How to Read a Metric Micrometer
If you can read this one you are done. You pretty much owned this tutorial. Give it a try…
The reading is 11.72 mm. If you got that, way to go! Let’s break it down: First the barrel. 10 is the biggest number showing, so count over from there to 11, but notice the half mark is the last mark displayed. This means the barrel scale is reading 11.5. If you don’t see it, look under the horizontal line. Now write down 11.50 (it’s best to write down two decimal places to keep everything consistent.
Now look at the thimble, 0.20 is the last printed number, so count up from there to 0.22 and write that down. Now add them up and you get 11.72 mm.
Only one more concept and we are done. What if one of the marks on the barrel scale is just barely showing. Do you count it? Is it ready to be used? Here is the trick: Don’t look at the mark to find out whether the mark is showing or not… Look at the thimble. You need to know if a new mark is starting or an old mark is ending. In this example, look at how big the number on the thimble is.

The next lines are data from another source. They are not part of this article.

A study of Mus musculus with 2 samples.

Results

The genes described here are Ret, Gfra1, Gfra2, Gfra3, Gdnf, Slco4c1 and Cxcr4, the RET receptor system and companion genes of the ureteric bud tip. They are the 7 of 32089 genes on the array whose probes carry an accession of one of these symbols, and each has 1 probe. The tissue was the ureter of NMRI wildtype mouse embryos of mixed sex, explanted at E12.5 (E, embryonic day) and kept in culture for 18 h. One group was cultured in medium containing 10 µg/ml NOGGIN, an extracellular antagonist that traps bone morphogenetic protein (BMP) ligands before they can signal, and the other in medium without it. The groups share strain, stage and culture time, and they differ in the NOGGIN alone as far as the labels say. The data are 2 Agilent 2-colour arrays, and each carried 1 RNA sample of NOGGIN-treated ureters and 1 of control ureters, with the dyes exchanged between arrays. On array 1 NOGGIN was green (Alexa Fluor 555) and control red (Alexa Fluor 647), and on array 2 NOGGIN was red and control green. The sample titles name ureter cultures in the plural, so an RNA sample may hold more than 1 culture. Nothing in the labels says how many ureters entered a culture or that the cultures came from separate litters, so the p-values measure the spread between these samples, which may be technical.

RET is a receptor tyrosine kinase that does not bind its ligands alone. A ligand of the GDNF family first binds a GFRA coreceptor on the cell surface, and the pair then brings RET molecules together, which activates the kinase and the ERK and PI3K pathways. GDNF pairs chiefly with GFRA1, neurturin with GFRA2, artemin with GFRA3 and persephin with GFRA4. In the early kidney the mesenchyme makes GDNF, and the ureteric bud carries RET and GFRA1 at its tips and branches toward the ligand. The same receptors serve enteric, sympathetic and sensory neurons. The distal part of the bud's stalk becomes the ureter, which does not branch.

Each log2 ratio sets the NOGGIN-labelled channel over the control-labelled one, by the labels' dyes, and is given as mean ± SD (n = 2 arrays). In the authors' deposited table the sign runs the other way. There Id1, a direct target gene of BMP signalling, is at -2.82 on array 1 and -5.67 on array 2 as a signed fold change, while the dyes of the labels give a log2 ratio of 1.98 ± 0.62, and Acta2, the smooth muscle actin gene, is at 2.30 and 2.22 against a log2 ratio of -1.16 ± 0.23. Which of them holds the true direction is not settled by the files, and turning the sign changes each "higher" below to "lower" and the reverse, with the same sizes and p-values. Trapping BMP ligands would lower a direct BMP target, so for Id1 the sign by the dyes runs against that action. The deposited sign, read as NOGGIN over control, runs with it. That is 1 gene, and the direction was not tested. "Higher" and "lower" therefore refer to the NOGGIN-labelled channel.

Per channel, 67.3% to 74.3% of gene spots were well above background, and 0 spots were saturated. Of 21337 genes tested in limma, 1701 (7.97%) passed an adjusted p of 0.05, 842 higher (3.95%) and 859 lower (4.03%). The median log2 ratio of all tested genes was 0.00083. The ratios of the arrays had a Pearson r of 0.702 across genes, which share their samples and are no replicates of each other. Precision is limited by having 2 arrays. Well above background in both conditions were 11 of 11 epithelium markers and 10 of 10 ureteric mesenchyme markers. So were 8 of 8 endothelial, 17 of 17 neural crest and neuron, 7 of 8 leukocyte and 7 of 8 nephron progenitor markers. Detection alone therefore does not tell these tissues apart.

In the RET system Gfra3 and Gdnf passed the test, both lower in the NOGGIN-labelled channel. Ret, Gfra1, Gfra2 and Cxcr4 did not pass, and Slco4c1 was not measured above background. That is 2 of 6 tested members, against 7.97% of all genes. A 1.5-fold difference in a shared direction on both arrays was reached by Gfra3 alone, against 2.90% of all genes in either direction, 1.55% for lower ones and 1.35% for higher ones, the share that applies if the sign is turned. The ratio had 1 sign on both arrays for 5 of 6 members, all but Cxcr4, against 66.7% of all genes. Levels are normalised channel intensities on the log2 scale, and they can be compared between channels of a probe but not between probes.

It is showing about .47mm. That is a big number (the scale only goes up to 49). Since the scale is nearing the end, it’s “ending” you don’t count a mark that is barely showing. The trick is to find which side of zero you are working on. Not yet to zero, not yet a mark. In the drawing below, I moved the micrometer a little bit. Now the, the mark is ready to be counted because the thimble scale is “starting.”
You see that the numbers on the thimble are small because the zero just passed by. This means the mark is ready to be used. So that’s pretty much it. There are some micrometers that can measure even more accurately than this, they have a thing called a “vernier” scale on them. I can show you how to read those another time if you want. Just let me know. But for now this should get you started.